IMPRESSIONS: Janis Brenner and Guest Artists in "MOMENTUM" at Loy Luo's Art Gallery
Curator: Janis Brenner
Choreographers: Kyla Barkin and Aaron Selissen, Janis Brenner, and Savannah Ross
Music: Jerome Begin, Bjork, David Lang, Joni Mitchell, Meredith Monk, Zac Selissen, and Tosca
Performers: Kyla Barkin, Janis Brenner, Aaron Selissen, Esme Boyce, Kara Chan, Anna Chin, Allison Easter, Katie Geissinger, Mary Lynn Gonsorçik, and Angelina Lenzer
Visual Artists: Janis Brenner, Whitney Browne, and Lisa Giobbi
Janis Brenner is a tough cookie. Despite having suffered multiple head traumas (accidents that might have left her cockeyed), the choreographer’s ability to sing, kvetch, and stage dances remains unimpaired. Brenner did all those things, on May 26, as part of her salon series entitled MOMENTUM at the L-Private Gallery in Chinatown. The program featured a combination of imaginative dances and delightful vocalise, in a setting filled with visual art and sculpture.
Loy Luo’s art gallery offers limited room, but the wonderfully adaptable dancers make sure the performance space never looks cramped. Brenner herself requires little more than a music stand, an easel, and a chair to perform the autobiographical Concussion Aria. Here she sings of the hurts and indignities that Life has inflicted on her over the years. Meanwhile, an assistant, Mary Lynn Gonsorçik, changes pictures on the easel. The photos illustrate a high-kicking dance ironically called Proximities, in which Brenner’s partner accidentally clobbered her (oops), and they include a portrait of the late Murray Louis, who told her to apply a metal teaspoon to the rising welt. She didn’t believe the teaspoon would help, but dutifully applied it anyway. “I always did what Murray said,” Brenner recalls. She was 27 years old, at the time.
Accompanying her recital with operatic, can-you-believe-it gestures, Brenner leads us down a timeline of concussive mishaps. She recalls being dropped head-first onto a sharp coffee table, crawling out of a wrecked tour bus, being stunned by falling concrete, and colliding with a wall. Ouch! Yet, waving aside the priest who once tried to offer her last rites, Brenner kept dancing. Now she’s a proud survivor, wearing her glittering necklace as if it were a prize; and the assistant is there if, God forbid, Brenner should need to be carried to the hospital.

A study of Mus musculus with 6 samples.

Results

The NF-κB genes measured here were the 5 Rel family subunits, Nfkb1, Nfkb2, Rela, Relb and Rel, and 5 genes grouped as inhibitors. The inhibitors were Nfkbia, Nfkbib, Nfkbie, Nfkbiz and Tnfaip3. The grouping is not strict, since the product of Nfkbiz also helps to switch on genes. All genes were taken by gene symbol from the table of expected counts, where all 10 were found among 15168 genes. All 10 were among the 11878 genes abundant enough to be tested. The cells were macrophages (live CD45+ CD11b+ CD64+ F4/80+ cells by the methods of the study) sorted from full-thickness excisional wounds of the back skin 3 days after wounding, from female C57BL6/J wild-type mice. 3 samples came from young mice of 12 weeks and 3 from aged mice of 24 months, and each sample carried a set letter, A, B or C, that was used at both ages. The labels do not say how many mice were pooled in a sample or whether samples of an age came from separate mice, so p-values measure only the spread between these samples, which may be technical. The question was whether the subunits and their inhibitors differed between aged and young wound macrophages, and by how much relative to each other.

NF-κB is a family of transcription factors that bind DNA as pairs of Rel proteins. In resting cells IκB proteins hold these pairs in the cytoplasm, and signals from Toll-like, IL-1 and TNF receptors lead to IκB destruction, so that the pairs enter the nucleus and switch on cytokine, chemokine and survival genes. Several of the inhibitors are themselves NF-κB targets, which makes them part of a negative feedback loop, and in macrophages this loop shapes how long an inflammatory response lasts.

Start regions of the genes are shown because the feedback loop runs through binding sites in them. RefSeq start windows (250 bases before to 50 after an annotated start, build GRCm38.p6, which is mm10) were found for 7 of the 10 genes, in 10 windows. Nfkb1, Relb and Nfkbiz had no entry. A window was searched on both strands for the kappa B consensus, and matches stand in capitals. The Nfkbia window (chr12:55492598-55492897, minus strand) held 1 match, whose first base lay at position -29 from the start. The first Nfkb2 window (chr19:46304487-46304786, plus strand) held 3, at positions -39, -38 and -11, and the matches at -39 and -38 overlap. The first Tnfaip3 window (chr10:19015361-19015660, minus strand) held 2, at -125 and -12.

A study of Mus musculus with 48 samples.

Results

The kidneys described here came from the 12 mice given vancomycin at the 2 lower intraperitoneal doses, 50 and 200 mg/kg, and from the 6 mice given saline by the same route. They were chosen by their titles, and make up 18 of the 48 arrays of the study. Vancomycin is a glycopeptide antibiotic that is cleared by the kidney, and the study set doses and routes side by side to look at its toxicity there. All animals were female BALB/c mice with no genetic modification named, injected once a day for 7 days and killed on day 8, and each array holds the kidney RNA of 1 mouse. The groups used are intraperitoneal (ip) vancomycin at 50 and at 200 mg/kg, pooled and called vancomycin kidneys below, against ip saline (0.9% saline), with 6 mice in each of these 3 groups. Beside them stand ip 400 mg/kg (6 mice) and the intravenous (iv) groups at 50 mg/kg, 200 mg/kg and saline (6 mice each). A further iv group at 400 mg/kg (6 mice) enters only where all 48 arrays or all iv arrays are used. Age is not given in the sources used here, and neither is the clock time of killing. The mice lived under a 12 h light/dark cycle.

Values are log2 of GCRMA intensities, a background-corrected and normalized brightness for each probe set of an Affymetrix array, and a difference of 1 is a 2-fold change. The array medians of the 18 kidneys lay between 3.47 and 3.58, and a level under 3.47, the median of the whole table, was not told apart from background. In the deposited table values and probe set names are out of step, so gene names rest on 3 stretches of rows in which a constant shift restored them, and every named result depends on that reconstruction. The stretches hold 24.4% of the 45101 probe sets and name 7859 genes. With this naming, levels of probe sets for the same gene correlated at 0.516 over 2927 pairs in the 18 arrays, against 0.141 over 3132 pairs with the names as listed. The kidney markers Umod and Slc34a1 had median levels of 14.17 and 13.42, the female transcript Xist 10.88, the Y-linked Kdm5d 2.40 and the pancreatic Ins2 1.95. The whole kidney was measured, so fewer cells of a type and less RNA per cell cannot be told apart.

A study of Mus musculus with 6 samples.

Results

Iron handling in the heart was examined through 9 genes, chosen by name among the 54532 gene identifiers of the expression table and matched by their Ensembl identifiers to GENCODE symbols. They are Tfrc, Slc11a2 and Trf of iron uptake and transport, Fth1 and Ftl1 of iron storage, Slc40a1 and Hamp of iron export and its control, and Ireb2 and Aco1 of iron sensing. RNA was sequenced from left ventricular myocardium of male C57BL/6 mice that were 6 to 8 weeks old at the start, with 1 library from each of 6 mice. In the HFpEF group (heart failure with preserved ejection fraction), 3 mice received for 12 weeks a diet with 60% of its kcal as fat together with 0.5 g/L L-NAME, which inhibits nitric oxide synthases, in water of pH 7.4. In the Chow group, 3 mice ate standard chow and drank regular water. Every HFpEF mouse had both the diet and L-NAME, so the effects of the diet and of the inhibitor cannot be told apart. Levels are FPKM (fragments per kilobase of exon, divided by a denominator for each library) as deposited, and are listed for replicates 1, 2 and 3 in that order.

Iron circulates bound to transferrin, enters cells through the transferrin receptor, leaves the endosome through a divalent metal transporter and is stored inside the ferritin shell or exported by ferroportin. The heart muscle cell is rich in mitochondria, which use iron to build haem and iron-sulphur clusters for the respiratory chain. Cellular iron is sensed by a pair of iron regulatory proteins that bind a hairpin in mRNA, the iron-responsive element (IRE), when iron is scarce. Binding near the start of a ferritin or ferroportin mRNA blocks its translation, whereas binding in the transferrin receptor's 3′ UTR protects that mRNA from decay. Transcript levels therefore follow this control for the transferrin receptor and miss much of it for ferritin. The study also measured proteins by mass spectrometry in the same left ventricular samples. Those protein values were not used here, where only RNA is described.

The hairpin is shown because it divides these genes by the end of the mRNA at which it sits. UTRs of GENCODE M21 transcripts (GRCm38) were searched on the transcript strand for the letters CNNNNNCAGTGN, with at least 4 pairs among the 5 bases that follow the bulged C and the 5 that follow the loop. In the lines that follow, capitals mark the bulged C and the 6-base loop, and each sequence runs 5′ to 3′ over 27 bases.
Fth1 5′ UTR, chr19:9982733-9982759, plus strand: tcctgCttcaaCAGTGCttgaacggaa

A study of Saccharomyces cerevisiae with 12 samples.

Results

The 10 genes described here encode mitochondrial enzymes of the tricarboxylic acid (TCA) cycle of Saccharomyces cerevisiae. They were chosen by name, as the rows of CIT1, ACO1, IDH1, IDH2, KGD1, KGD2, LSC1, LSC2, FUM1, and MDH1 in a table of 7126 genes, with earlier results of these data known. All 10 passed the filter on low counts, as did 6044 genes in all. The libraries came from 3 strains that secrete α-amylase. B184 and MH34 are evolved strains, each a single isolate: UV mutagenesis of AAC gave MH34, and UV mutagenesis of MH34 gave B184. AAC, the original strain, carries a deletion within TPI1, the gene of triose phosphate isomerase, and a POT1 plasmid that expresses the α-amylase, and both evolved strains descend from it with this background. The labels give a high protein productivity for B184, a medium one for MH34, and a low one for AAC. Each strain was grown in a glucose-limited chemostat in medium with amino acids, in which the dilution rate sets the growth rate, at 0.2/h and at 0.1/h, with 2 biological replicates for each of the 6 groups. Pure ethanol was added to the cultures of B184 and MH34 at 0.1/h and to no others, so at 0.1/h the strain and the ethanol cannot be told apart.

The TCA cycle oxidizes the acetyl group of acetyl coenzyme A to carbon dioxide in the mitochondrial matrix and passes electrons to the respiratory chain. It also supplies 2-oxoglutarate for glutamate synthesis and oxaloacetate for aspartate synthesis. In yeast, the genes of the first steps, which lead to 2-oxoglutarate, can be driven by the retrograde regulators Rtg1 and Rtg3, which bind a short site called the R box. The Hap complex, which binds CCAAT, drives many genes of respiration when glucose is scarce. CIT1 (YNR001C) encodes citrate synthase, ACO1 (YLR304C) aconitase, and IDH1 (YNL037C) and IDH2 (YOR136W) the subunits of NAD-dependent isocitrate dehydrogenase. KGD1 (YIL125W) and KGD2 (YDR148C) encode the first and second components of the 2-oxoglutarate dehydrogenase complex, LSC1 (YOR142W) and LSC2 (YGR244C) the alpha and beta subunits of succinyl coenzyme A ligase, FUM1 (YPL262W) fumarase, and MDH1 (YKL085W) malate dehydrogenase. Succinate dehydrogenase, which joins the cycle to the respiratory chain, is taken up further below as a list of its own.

The drama is purely physical in the other parts of the program, starting with Accidental Suite, a duet performed and choreographed by Kyla Barkin and Aaron Selissen. A dance of long gestures and deep contractions, this piece also features circular patterns, including a spinning lift in which Barkin rises from a horizontal to a sitting position. She takes charge of the relationship, learning to ride Selissen coolly; and when they finally break apart, she leaves him prostrate.
Although Brenner’s Where-How-Why Trilogy has no plot, it has characters who define themselves with movement. Flexible and wiry, Esme Boyce stretches, balances, and tilts. The dance’s geometry acquires an emotional tinge when Boyce slowly claws the air, or opens her mouth in a silent cry. Kara Chan’s solo is more passionate, with rushing energy and violent moves that leave her broken-armed. Yet here, too, the choreography has built-in contrasts, as Chan frames her face with her hands, and pauses to gaze quizzically at the audience. Barkin is the meditative one. Reclining against the other two, as if in bed, she rises to explore the space and examine herself, hastily touching her throat and chest with an expression of alarm. Adopting a sinuous curve, and making snaky gestures, Barkin peers at the world from odd angles.
Fledgling dancemaker Savannah Ross contributed the duet We Connect, in which jagged, daredevil moves interrupt the smooth flow of energy. Dancers Anna Chin and Angelina Lenzer pump their shoulders, spin, and dive. They dance in parallel, and support each other in leaps. Unfazed, they leave us with a glance of cool defiance.
Singer Katie Geissinger brings a warm intonation and playful intrigue to her rendition of “Wa-lei-oh,” from Meredith Monk’s Songs from the Hill. This piece takes us into a wordless pre-history, a time when the world was fresh and our ancestors enjoyed a direct connection with nature. The singer departs gleefully from strings of nonsense syllables, her voice humming and sliding, chirping and piping; and we follow her gladly through a forest of vocal adventures.
Monk’s Quarry Weave similarly conjures a natural landscape. Performed by Geissinger, Brenner, and special guest Allison Easter, the melody flows like a mighty river that splits into different channels. The sound grows nasal and brackish, and then it rises and clears, blowing like an icy wind. Even divorced from Quarry’s original scenario, this music has the power to purify.